We’ve reported many times about recovery facilities that follow unscrupulous practices. It is a sad reality, but it is something that is common in every industry and ours is not immune. In the case of treatment, crooked businesses have been known to put profits ahead of sobriety and prey on vulnerable people battling addictions. Now, however, the problem has appeared to have gotten worse (thanks, in part, to the COVID-19 pandemic), which the news site NPR is correctly calling out.


In a recent article on their siteNPR highlighted a “severe ethical crisis” in our field. The roots are traced back to the Affordable Care Act (ACA), which was passed more than a decade ago. Through this initiative, private insurance programs were allowed to cover people suffering from addiction. And that, in turn, created what NPR labels a “gold rush” for unethical business practices.


Dave Aronberg, a state attorney for Palm Beach County Florida, spoke about the dramatic shift that happened after the ACA took effect.


“You had all these bad actors descend on the legitimate recovery community to take advantage of people in recovery and exploit them for their insurance,” Aronberg explained. It really became the wild west. The good providers were being driven out of business by these rogue bad actors.”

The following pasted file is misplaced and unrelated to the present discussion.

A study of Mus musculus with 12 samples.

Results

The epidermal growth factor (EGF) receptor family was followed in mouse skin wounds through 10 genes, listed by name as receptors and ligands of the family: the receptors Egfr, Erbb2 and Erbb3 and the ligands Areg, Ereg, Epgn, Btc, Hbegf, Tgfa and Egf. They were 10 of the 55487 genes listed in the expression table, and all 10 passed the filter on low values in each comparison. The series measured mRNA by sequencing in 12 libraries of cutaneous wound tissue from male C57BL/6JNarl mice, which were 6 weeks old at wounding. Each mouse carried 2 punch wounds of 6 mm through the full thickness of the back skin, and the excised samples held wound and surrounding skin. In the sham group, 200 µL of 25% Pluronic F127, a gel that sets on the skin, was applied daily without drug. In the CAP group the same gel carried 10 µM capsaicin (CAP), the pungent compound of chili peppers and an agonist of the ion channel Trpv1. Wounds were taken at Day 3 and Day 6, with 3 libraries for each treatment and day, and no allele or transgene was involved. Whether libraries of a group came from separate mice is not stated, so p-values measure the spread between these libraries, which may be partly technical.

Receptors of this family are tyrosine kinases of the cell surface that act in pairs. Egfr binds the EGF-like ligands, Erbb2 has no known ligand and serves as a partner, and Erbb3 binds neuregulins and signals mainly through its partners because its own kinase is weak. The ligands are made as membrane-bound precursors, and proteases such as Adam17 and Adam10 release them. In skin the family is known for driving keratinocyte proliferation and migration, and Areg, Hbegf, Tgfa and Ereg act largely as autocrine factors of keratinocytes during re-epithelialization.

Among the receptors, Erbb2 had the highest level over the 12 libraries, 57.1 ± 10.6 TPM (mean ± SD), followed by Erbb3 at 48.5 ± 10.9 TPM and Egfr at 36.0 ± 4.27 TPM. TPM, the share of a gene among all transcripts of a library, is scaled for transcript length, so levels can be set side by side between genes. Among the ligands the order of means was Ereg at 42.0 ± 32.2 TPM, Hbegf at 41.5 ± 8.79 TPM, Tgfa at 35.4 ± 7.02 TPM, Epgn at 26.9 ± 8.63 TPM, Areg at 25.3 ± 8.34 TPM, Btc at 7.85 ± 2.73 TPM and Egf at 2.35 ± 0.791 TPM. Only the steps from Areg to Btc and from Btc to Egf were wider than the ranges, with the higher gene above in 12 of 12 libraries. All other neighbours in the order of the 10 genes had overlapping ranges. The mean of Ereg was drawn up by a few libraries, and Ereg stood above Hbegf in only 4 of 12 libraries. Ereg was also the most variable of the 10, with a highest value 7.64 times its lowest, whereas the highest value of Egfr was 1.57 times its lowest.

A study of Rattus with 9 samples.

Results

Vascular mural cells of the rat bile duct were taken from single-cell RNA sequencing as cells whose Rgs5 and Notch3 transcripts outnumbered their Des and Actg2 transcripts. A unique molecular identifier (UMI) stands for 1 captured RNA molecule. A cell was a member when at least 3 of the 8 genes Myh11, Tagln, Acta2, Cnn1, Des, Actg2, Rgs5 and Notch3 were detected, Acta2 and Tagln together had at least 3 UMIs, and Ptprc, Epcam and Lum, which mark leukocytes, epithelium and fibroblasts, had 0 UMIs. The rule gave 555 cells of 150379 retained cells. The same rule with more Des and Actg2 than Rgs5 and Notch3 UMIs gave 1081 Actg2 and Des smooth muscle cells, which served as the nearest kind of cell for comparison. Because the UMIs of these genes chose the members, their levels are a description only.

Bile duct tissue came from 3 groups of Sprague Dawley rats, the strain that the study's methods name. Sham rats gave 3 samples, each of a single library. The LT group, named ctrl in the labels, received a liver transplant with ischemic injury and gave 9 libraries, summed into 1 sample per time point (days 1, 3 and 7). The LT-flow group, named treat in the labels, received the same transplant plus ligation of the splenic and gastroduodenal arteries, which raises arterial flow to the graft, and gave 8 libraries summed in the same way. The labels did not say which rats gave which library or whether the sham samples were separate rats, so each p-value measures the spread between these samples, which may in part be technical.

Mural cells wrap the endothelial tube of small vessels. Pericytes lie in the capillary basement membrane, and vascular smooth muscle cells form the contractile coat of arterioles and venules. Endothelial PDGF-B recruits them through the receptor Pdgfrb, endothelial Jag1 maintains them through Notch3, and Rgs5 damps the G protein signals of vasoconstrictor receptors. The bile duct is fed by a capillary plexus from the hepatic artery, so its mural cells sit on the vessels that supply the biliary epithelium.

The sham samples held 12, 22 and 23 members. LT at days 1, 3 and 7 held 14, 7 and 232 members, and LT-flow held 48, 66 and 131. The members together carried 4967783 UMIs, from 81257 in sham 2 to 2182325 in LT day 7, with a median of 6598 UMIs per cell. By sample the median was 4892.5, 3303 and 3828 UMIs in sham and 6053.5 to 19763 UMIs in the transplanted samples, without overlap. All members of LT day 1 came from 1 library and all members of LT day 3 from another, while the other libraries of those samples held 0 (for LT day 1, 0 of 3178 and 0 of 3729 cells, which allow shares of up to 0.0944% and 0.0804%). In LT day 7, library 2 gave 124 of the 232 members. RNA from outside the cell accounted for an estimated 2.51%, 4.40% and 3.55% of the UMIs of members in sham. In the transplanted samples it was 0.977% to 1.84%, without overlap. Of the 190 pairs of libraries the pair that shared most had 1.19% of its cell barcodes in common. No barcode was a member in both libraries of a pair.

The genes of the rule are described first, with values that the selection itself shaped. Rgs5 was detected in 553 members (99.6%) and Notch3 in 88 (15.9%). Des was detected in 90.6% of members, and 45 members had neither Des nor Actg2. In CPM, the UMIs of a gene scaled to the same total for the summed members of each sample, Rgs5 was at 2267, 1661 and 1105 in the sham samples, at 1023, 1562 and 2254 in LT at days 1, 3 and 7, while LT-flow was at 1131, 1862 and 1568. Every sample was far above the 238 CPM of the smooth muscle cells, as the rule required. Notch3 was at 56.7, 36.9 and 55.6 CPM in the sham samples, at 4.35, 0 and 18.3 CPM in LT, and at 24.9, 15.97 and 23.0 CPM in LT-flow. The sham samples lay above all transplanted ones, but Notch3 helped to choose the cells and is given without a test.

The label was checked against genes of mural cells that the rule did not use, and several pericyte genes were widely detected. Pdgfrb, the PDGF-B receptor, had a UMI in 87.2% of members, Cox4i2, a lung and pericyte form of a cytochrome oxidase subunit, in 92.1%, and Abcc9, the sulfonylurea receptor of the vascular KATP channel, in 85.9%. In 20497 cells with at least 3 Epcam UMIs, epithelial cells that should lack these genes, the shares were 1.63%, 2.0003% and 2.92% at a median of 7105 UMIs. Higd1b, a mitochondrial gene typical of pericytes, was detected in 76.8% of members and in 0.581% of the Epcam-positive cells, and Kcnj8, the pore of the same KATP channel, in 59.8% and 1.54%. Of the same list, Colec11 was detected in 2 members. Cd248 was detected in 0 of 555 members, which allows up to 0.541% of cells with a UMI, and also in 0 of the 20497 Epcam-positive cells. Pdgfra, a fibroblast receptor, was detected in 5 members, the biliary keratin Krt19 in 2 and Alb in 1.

Florida was called out a state where this behavior has become the most common. Expensive facilities were created which certainly had flash, but did little to help people overcome their dependencies. Centers charged insurance companies astronomical amounts and offered patients good food, swimming pools and amenities; but very little in the way of effective therapies.


The article also called out aggressive marketing tactics that these businesses are using to get credit card numbers and upfront fees (some as high as $20,000). Investigations around Florida showed that many of the people answering phones at the for-profit rehab programs were not nurses or therapists and were not asking relevant medical questions.


As mentioned above, the coronavirus pandemic has made matters much worse. Between quarantines and general anxieties, addicted people are now more vulnerable than ever. And that makes them prey when unscrupulous organizations begin phishing for clientele.


Reps from the National Association of Addiction Treatment Providers (NAATP) were also interviewed for the piece and offered some potential solutions to help with these type of regulations. In their opinion, treatment should be more closely tied with the medical field.


“The addiction treatment industry is a cottage industry,” NAATP rep Ryan Hampton added. “We need full integration into the health care system. Addiction treatment is health care, and it should be obtained in the same way that other specialty services are — you should get a referral from your primary care doctor.”